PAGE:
Recommended reading

The day the screens went blankThe day the screens went blank, by Danny Wallace (Simon & Schuster)

The Bobcroft family find that the technological devices that society rely on have all stopped working.  Ten-year-old Stella, her four-year-old brother Teddy, Mum and Dad set off to check on Grandma.  This involves a journey across the breadth of England, from Mousehole, their village home in Cornwall, to Suffolk.  Without technology to help, what ensues is a road trip full of mishaps, adventure, and self-discovery.

Contrasts and comparisons of the impact of our current pandemic abound.  Unlike our recent, enforced stasis, the family are off on a journey.  They are driven to this because they can no longer rely on video chats as they have in the past (not a fully satisfactory means of communication and hinting at some deeper family malaise).  Conversely, we are currently grateful for the chance to talk to friends and relatives via technology.  Just as we have experienced, there are shortages in the shops as people panic buy.  There are conspiracy theories, including a belief that the big tech companies have deliberately caused the crisis.  As Stella comes to realise, when people can’t get reliable information, they sometimes make up their own.

Stella is a delightful narrator, sensible and orderly, and acutely observant of the peculiarities of adults, with the occasional, hilarious, childish misinterpretation.  This is a truly funny book.  It is refreshing to find acute observational comedy, rather than the gratuitous scatological humour that seems to be a trend in children’s publishing.  Here is a full range of fun, from wry smiles to laughing out loud.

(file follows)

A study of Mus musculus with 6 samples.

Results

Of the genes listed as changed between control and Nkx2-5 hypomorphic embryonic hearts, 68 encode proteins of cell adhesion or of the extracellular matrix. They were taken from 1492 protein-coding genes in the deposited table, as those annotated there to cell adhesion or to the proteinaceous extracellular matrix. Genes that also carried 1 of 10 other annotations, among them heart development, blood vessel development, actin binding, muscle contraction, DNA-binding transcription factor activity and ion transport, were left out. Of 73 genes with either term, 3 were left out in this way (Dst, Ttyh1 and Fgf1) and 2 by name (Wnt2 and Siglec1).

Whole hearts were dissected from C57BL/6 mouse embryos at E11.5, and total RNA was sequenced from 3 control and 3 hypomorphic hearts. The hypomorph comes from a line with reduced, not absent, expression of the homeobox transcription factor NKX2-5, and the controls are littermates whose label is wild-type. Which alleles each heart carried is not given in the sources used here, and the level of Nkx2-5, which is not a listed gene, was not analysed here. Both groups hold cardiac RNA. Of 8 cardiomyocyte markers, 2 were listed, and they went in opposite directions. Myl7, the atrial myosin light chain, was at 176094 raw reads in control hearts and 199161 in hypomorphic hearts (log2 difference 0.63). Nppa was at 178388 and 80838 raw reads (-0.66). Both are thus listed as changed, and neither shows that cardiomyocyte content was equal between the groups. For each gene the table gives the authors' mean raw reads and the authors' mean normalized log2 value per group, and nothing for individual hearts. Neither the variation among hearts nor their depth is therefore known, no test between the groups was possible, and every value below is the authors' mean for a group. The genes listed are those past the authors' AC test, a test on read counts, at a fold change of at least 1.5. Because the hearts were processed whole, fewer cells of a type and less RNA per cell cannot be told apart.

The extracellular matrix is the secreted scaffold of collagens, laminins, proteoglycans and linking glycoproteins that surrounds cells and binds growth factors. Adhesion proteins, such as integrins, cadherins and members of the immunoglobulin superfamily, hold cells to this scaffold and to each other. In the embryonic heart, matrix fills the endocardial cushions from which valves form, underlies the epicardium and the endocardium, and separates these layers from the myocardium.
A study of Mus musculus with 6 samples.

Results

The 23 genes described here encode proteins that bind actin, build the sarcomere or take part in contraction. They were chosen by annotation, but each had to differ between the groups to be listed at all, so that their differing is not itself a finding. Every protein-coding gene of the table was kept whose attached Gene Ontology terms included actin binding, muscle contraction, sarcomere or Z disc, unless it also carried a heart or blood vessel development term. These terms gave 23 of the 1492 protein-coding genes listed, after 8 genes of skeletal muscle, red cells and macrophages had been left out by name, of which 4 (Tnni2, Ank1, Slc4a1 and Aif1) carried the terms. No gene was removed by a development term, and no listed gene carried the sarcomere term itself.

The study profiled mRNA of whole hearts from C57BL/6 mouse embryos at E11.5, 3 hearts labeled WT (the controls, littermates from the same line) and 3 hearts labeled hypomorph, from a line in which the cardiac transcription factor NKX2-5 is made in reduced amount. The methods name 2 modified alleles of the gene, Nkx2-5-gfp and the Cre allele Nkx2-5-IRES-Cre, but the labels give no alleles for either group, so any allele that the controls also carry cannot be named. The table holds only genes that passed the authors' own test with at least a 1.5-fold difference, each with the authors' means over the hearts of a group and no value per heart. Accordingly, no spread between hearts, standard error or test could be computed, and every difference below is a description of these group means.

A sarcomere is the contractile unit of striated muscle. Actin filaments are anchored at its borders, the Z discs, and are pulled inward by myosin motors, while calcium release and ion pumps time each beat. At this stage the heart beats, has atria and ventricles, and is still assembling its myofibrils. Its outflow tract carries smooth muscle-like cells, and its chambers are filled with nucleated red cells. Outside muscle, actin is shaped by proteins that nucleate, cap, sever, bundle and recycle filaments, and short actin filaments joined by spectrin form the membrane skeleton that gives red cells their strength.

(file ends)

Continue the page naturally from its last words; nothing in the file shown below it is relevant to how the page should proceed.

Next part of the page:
The reader is swept along: the story is so well-paced, and the design so clever, with graphic page breaks and cartoon-like illustrations.  Nonetheless, deep themes abound: today’s over-reliance on technology, and the impact of its absence on people’s behaviour – for good or bad.  There are life lessons in control, improvisation, and the joy of playfulness.  The kindness of strangers and the true meaning of ‘We’re all in this together’ are explored.  Family and reconciliation are celebrated.

Highly recommend for the whole class, book group, or solo reader.

 

I talk like a riverI talk like a river, by Jordan Scott, illustrated by Sydney Smith (Walker Books)

This is quite simply one of the most beautiful and moving picture books that I have read.  It describes the author’s own experience of a stutter, and the impact on his boyhood.  The physical sensation of sounds that grow roots in the mouth, the variable experience of some days being worse than others – mornings being particularly tough, the social impact as classmates pick up on his difference and fear, are set within a warm, understanding, familial bond.  On a bad speech day, the boy’s dad takes him to the river where they look and explore, and ‘It feels good to be quiet and alone with my dad’.  It’s dad who coins with the apt and reassuring imagery of the lad’s talk as a river.

Sydney Smith is shortlisted for the Kate Greenaway Medal 2021 for his wonderful book Small in the city.  His illustrations for this book are breathtakingly powerful.  In one instance, the same classroom scene is depicted in two different ways on each side of a double page spread.  On the left is a teacher at the front of a class.  We look from the back of the class, past the backs of pupils’ heads, towards the teacher.  Placing is regular, colour is blocky, bold lines imply control. On the opposite page, the faces of all the classmates are turned towards you, the reader, as if you were the boy.  Faces and forms are indistinct, there are no fast edges, there is blur and smudge and a sense of disorder, of loss of control.  It engenders a sense of panic, which may be familiar to any youngster who has tried to hide away at the back of class, to avoid attention by becoming small and invisible.

With 7% of all children having a speech and language difficulty, it is the most prevalent childhood disability, but a condition that is much misunderstood.  This book helps address misunderstanding, but it will also chime with any child who hides in social situations, and will also aid empathy and a visceral understanding in those children lucky enough to feel confident most of the time.  It is a book with so much to offer, for everyone.